Nitrate in community water systems: facts and figures
There are high levels of nitrate in some MN groundwater
Nitrate occurs naturally in air, soil, water, and plants. High nitrate levels in groundwater are often caused by fertilizers, run-off from barnyards or feedlots, septic systems, and decaying plant debris. Higher levels are more likely to be in agricultural areas, shallow aquifers, and geologically vulnerable areas, like places with sandy soil.
Nitrate disrupts the body's ability to process oxygen. Studies show that very high levels increase risk for cancer, birth defects, and miscarriages. Pregnant women, people with heart or lung diseases, and infants are more susceptible.
Some systems have nitrate above the MCL
The Maximum Contaminant Level (MCL) for nitrate is 10 milligrams per liter of water (mg/L). If infants under 6 months old drink water or formula made with water that has more than 10 mg/L of nitrate, they can develop a life-threatening blood disorder called blue baby syndrome.
All community water systems (CWS's) are required to monitor for nitrate. If the average of an initial and a follow-up water sample is greater than the MCL, the water system must notify the public, conduct quarterly nitrate monitoring, and reduce nitrate concentrations.
Mean nitrate levels of Minnesota Community Water SystemsPercent of tested systems, by mean nitrate concentration
In Minnesota, there are a few systems with nitrate at levels of concern. The number of systems in actual violation of the MCL is not equivalent to the number of systems listed in the chart with concentrations above 10 mg/L, because compliance is based on the average of an original sample result and a confirmation sample rather than a system-wide calendar year average.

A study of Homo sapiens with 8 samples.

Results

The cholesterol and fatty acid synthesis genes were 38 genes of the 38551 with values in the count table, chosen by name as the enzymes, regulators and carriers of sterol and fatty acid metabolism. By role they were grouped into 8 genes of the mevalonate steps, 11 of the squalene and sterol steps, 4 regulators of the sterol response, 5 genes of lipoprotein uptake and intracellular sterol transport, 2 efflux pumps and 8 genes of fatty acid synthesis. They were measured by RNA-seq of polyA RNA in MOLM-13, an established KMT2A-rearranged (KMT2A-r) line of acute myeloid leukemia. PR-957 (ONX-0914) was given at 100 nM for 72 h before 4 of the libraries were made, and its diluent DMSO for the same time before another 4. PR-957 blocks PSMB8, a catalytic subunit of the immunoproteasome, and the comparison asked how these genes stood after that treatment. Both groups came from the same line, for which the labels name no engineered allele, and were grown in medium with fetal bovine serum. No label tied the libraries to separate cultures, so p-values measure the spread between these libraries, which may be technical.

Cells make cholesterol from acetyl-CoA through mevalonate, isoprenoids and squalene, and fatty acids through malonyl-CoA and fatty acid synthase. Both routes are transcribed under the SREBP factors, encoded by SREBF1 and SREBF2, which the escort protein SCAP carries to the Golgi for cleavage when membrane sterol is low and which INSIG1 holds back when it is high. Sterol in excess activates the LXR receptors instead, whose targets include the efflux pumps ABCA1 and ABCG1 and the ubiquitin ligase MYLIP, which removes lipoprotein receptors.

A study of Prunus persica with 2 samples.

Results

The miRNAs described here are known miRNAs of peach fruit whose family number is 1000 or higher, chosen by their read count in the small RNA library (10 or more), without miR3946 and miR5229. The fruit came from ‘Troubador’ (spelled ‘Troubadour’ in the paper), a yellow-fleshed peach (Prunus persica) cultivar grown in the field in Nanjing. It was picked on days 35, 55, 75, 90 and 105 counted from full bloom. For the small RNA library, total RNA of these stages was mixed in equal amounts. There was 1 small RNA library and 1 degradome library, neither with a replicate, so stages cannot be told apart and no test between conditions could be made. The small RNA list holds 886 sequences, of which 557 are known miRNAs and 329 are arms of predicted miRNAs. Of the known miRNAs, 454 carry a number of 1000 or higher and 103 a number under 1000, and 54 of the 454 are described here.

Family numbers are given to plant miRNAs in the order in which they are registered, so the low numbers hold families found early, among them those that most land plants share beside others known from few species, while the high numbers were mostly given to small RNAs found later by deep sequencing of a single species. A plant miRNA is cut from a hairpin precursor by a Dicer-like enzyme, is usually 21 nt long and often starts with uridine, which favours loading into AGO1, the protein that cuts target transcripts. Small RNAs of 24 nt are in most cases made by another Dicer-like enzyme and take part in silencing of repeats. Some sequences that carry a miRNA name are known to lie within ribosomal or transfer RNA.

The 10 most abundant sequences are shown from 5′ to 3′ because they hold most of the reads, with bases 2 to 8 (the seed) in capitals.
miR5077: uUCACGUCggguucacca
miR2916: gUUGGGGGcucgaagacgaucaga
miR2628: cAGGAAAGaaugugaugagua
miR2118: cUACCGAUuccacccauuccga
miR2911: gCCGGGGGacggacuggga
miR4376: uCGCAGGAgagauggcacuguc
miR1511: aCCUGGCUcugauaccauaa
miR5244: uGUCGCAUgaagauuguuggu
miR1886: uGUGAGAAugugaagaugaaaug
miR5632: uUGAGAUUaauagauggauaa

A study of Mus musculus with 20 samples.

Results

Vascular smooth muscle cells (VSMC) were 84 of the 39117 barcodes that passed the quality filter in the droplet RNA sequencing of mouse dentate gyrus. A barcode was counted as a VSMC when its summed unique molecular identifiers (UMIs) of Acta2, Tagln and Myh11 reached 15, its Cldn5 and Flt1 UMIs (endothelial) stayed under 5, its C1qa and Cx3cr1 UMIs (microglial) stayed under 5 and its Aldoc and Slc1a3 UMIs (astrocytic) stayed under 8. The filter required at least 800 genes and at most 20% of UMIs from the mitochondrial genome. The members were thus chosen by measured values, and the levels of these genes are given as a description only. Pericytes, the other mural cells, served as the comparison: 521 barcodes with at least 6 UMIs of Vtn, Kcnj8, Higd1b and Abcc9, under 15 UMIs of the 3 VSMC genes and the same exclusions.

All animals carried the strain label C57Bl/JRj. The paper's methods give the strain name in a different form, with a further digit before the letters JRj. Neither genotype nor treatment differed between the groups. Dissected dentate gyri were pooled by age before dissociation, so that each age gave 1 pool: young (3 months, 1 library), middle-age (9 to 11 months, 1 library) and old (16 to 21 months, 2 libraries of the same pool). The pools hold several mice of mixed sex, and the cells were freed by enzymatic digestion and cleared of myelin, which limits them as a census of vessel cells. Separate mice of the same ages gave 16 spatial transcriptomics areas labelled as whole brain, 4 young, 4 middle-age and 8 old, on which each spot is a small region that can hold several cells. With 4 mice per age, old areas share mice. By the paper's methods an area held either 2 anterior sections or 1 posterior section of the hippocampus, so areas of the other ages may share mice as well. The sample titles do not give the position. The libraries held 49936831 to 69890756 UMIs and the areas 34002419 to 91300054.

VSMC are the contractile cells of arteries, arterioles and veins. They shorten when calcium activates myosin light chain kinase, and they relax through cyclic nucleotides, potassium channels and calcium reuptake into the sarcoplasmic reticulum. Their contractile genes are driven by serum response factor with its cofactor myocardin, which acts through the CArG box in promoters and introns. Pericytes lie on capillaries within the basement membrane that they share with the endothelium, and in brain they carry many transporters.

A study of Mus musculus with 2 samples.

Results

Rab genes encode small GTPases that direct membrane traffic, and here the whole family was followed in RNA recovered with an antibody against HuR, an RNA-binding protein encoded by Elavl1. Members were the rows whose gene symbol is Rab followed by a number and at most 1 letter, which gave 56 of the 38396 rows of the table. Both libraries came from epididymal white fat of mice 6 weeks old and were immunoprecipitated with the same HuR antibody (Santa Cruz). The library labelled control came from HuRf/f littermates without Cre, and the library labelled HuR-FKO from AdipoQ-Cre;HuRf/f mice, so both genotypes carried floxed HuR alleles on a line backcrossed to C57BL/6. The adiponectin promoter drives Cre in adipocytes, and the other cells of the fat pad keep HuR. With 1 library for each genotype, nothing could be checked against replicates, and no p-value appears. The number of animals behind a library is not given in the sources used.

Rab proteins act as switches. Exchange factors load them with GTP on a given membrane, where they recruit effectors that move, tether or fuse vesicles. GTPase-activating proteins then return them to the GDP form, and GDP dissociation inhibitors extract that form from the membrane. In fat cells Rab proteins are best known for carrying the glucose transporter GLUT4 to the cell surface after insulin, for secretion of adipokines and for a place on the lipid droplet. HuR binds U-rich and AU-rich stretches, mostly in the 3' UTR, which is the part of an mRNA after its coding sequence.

Maximum nitrate levels of Minnesota Community Water SystemsPercent of tested systems by maximum nitrate concentration
The chart above shows the percent of systems by annual maximum concentration. A system may have a number of different wells and treatment processes which result in entry points to the distribution system with different nitrate levels. In this case, the maximum value reflects the highest concentration in any single sample from any entry point, prior to any blending of water. The level of nitrate in blended water that ultimately reaches the consumer's tap may be lower because of dilution from other entry points with lower levels of nitrate.
Most drink water with nitrate below the MCL
Nearly 4.3 million people were estimated to be served by tested systems in Minnesota in 2014. Only 3% of the population served by systems was exposed to average levels of nitrate at or above 3 mg/L.
However, some systems are vulnerable to nitrate contamination. A small percentage of Minnesotans rely on this water, so ongoing steps are needed to prevent contamination.
Note that the estimates of the number of people served by each system are rough calculations periodically updated by water system managers.
|0 - 3||883||4,213,081||91.9%|
|3+ - 5||61||98,918||6.3%|
|5+ - 10||17||29,669||1.8%|
What can be done about nitrate in drinking water?
People served by community water systems can find out the nitrate level in their drinking water by reading the Consumer Confidence Report issued each year by their water utility. For more information about nitrate in drinking water, see MDH Source Water Protection and Nitrate Probability Reports.
Nitrate is also a concern in private wells. For well owners, the only way to know if a well contains nitrate is to have it tested. Water testing services are available from both county health agencies and private laboratories. Well water should be tested annually, as nitrate levels fluctuate over time. To ensure that a laboratory is certified by MDH to test drinking water for nitrate, see How to Search for Accredited Laboratories. For more information about nitrate in well water, see Nitrate in Well Water and Nitrate in Drinking Water. See also Water Testing for Nitrate from the Minnesota Department of Agriculture.